KINGSTON, Jamaica - The Prime Minister in a statement to the nation has said that there are three major reasons he will be resigning and leaving the posts to which he was elected.
Prime Minister Bruce Golding has stated, "that the challenges of the last four years had taken their toll and it was appropriate now to step aside and make way for new leadership." Challenges included a recession the world has not seen in many years, and the Coke/Manatt affair.
"The last few years, perhaps, have been the most difficult period that any government has had to face. Like most other countries, we have taken a battering from the global recession and the recovery we are so anxious to see has been slow, the global environment still uncertain."
"I have worked hard these past four years, 16-18 hours a day most days, in navigating our way through these treacherous waters. We are beginning to see positive results: far-reaching macroeconomic reforms have been implemented; the economy has returned to a growth path, modest though it is; we are once again creating new jobs even though we have not yet restored the jobs that were lost; the rise in poverty has been cauterized.", the PM stated.
"Questions about the role I played in the Coke/Manatt matter have remained a source of concern in the minds of many people. It was never about Coke's guilt or innocence."
"It was about a breach of our Constitution and had it been a person other than Coke it perhaps would never have become the cause célèbre that it turned out to be. We have since amended the Interception of Communications Act to permit in the future, the action that was taken in Coke's case but which, at that time, was in violation of our Constitution."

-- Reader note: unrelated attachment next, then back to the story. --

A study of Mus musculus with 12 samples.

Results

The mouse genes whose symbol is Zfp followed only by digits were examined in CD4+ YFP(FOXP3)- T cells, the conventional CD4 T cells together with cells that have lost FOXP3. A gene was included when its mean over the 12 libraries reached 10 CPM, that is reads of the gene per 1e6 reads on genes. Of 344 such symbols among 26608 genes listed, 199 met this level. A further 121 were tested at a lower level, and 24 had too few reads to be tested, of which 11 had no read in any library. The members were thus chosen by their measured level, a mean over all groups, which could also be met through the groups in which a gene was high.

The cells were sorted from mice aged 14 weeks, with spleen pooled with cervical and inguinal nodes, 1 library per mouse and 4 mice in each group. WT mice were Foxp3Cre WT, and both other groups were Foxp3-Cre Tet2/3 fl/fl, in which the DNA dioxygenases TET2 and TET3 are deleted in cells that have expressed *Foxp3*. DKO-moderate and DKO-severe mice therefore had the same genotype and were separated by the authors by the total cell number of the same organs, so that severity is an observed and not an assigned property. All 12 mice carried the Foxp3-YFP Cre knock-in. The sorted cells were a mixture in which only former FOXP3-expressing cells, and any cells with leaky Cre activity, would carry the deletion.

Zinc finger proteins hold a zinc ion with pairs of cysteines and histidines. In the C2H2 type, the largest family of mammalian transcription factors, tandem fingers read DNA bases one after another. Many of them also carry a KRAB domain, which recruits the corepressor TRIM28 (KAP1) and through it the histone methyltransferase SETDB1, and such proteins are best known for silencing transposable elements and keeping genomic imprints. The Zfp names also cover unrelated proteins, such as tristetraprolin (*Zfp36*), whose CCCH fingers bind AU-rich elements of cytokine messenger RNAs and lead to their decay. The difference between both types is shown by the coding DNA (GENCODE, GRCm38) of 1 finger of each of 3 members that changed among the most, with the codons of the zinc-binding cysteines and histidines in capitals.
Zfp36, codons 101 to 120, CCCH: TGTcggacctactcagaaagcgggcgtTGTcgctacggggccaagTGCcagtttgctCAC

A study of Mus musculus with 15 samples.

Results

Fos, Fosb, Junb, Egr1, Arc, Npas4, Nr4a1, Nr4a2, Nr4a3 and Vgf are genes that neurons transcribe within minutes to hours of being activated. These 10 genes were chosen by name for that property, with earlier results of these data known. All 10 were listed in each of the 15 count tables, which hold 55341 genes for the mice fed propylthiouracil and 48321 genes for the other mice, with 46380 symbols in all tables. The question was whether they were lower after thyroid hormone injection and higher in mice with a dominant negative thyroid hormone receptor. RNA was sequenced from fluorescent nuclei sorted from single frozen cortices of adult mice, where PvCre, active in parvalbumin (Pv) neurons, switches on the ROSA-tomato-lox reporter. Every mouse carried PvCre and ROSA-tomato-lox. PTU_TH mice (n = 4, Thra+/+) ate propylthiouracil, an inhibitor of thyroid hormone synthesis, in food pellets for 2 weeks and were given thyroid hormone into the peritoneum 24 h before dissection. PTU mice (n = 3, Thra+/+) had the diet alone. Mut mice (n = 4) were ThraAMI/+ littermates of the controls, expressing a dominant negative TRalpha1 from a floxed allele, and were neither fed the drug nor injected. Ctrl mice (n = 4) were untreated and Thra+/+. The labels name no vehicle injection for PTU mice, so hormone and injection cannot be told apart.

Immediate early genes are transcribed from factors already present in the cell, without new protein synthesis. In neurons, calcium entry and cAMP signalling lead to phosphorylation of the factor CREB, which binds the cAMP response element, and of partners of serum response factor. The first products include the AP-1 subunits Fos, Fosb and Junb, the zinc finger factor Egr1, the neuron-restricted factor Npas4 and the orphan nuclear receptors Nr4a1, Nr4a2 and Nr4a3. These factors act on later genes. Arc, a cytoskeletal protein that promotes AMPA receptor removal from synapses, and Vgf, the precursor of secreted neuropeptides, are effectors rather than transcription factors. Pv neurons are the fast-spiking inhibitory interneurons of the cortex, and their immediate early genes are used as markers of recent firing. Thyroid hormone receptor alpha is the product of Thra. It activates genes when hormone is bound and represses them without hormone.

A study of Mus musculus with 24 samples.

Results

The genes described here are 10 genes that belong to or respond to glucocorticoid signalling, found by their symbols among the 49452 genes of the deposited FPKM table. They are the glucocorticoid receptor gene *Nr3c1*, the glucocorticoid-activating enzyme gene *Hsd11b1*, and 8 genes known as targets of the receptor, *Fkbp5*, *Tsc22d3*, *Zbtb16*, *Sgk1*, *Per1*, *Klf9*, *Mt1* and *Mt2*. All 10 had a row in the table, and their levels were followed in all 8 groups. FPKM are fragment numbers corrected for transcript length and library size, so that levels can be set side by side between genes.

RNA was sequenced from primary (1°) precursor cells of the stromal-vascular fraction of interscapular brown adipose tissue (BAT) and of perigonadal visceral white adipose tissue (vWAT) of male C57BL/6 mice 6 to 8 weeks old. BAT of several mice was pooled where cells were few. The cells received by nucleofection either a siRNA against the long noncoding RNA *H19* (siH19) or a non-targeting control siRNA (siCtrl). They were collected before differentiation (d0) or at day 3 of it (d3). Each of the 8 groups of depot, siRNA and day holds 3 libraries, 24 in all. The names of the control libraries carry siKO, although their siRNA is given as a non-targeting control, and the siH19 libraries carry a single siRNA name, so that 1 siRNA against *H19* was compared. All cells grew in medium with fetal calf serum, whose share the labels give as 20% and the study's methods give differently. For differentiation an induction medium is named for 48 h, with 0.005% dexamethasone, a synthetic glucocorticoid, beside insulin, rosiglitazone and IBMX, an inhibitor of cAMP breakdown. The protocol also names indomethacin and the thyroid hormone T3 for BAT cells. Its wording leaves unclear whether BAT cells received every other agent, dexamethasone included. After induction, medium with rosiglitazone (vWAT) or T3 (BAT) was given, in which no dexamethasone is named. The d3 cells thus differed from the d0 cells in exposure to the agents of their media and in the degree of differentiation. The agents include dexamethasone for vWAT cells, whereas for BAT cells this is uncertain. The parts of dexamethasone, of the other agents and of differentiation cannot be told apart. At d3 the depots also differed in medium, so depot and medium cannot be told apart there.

"However, the entire episode has affected me deeply and the perceptions that are held by some people have not been dispelled, notwithstanding the exhaustive deliberations of a Commission of Enquiry."
"I cannot allow the challenges we face and the issues that we as a people must confront to be smothered or overpowered by this saga and the emotions that they ignite. It would not be fair to my country; it would not be fair to my party." the PM said.
There are other considerations that led to my decision. It is time for my generation to make way for younger people whose time has come, who are more in sync with 21stcentury realities, whose vision can have a longer scope and who can bring new energy to the enormous tasks that confront us. The leaders of major countries around the world - for example, the United States, Britain, Canada, Mexico, Spain, the Netherlands, Finland, Austria, Belgium, Denmark, Norway, Australia, and New Zealand - are all more than 10 years younger than I am. It is a worldwide trend and we in Jamaica should not resist it.
I was first elected to Parliament almost 40 years ago. In the next two months I will be 64. I feel it is time for me and people like me to make way and allow a new crop of leaders to step forward and unleash their energies and creativity. There are young people in my party, indeed in both parties, who are capable of providing the leadership that the country requires at this time. We must not, for the sake of personal ambition, block their emergence. My advice and counsel will always be available if and when required.